Social Security Trustees: that group of appointed officials responsible for top level oversight of Social Security and so the people who sign the Annual Report. They include ex officio: the Secretary of Treasury, the Secretary of Labor, the Secretary of Health and Human Services, and the Commissioner of Social Security. In addition there are two Public Trustees appointed by the President for six year terms. These six also serve as the Trustees of Medicare.
Social Security Administration: that government organization that administers Social Security. For our purposes the most important component of SSA is the Office of the Chief Actuary (OACT) responsible for developing the economic and demographic models underlying the Reports.
OASDI: combined acronym for the two legally separate insurance plans that make up Social Security. OASI (Old Age/Survivors Insurance) provides limited benefits to minor children and their mothers (typically) should the worker die before retirement age and then converts to an inflation adjusted annuity at full retirement age. This is what most people think of as 'Social Security'. DI (Disability Insurance) provides benefits for qualified workers who become disabled in the years between the disability and full retirement age at which point beneficiaries are switched to OASI.
SSI: not in fact an acronym for Social Security itself, instead it stands for Supplementary Security Income, a General Fund program administered by Social Security to provide supplementary benefits for low income disabled, blind or senior workers, many of whom did not work enough quarters to qualify for regular OAS or DI.
Low Cost, Intermediate Cost, High Cost (the 'Three Alternatives'): the Social Security Reports present not one model of future economic and demographic projections, but instead three with Low Cost representing a more optimistic model for long term solvency, High Cost a more pessimistic one, with Intermediate Cost representing a median outlook. There is in fact a good deal of controversy about whether Intermediate Cost (IC) represents a true probabilistic median or whether outcomes closer to Low Cost (LC) should be adopted. The author of this blog is strongly inclined to the later.
Pay-Go: Social Security is structured so that in any given year benefits are paid out of current taxes paid. While this is not notably different from how other government programs are financed or for that matter how most private insurance plans handle benefits and premiums, it has led to amazing confusion, much of it deliberate, due mostly to the failure to understand the fundamental nature of Social Security as an insurance/annuity plan rather than a defined pension plan.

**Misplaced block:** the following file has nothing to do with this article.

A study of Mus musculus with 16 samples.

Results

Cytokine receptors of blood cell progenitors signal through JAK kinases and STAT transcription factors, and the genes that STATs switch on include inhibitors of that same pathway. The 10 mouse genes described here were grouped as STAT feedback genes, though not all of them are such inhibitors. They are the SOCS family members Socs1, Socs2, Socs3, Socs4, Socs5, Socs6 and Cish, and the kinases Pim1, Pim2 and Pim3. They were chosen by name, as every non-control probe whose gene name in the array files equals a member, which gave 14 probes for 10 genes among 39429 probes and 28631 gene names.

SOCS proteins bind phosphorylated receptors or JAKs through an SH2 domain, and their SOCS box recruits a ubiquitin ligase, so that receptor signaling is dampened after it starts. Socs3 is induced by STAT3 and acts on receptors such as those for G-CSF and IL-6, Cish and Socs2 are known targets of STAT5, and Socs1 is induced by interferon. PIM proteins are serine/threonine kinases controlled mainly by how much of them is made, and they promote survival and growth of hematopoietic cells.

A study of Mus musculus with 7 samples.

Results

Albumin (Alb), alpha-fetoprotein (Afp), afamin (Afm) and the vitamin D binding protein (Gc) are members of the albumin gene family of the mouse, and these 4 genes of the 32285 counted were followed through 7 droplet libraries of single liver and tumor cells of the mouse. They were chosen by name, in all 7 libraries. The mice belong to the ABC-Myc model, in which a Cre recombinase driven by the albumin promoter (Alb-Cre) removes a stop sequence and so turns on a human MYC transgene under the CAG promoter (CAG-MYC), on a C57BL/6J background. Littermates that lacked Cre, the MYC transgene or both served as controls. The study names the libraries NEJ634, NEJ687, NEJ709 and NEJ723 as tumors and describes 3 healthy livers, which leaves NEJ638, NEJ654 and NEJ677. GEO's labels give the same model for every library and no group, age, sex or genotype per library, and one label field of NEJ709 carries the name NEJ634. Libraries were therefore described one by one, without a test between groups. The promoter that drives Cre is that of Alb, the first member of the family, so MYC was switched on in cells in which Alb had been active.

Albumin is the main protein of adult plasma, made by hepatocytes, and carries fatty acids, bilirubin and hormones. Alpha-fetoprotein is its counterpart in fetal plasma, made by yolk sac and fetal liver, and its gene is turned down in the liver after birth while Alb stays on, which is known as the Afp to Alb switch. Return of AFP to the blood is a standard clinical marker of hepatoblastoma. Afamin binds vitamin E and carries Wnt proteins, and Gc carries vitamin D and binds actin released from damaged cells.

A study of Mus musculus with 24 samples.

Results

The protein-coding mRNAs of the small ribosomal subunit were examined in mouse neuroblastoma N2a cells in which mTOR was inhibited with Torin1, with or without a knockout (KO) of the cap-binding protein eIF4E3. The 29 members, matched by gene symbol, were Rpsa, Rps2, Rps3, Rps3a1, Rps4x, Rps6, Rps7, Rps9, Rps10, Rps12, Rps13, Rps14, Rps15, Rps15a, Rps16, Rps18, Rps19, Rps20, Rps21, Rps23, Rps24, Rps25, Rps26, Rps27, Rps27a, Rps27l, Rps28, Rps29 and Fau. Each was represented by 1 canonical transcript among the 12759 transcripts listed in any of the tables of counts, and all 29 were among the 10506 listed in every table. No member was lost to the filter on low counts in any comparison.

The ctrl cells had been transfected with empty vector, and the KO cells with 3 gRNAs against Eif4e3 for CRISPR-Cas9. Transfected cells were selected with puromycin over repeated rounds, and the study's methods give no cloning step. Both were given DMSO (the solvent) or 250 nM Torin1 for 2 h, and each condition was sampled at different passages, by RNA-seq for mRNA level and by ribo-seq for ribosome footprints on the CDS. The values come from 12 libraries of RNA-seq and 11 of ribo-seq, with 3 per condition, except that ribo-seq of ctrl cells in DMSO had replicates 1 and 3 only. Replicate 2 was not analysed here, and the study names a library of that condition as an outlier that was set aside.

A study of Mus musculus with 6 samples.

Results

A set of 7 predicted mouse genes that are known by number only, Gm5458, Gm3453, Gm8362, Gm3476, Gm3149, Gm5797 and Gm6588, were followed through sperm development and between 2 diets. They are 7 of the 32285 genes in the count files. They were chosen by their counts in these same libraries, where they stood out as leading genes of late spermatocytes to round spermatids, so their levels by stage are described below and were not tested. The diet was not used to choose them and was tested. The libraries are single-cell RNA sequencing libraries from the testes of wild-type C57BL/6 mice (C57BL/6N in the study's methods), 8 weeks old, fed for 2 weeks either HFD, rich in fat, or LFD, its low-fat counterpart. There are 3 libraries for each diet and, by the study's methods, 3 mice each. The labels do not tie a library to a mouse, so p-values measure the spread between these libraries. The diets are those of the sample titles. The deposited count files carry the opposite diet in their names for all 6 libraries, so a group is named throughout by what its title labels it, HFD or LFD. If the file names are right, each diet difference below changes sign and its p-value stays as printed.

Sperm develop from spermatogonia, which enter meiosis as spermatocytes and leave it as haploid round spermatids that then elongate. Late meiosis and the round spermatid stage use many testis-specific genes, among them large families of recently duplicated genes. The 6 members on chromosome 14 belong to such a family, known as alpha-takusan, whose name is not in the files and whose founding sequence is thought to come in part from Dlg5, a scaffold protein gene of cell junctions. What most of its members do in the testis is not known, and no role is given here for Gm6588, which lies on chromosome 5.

Social Security Trust Funds: perhaps the most misunderstood component of Social Security and one that will be the subject of a number of future posts. Historically the Trust Funds (because there are two: one for OAS and one for DI) have served as reserve funds and the measure of solvency for the system as a whole. They serve to buffer out temporary divergences between Income and Cost and ideally have a balance equal to one year of projected cost. In recent years the Trust Funds have been allowed to baloon to levels well above that in recognition that current demographics project extra strain as Boomers retire and that is was prudent to PARTIALLY mitigate that by piling up extra reserves. But the idea that the Trust Funds were ever thought to 'pre-fund' Boomer retirement is more or less a myth to be explored later on.
Trust Fund Ratio: the Trust Funds are measured in terms of projected costs vs balances as a function of time with a TF ratio of 100 representing one year of reserves and the statuatory target for the Trustees.
Short Term and Long Term Actuarial Balance: the current measures for Social Security solvency. Short Term Actuarial Balance means the Trust Funds projected to have TF ratios above 100 in each of the next 10 years. As of 2008 both Funds were in Short Term Balance. Long Term Actuarial Balance means the Trust Funds projected to have TF ratios above 100 in each of the next 75 years. As of 2008 the combined funds are not in Long Term Balance and are projected to fall out of Short Term Balance in about 2027. However these dates can and do change and the hows and whys of this will be the topic of some future posts.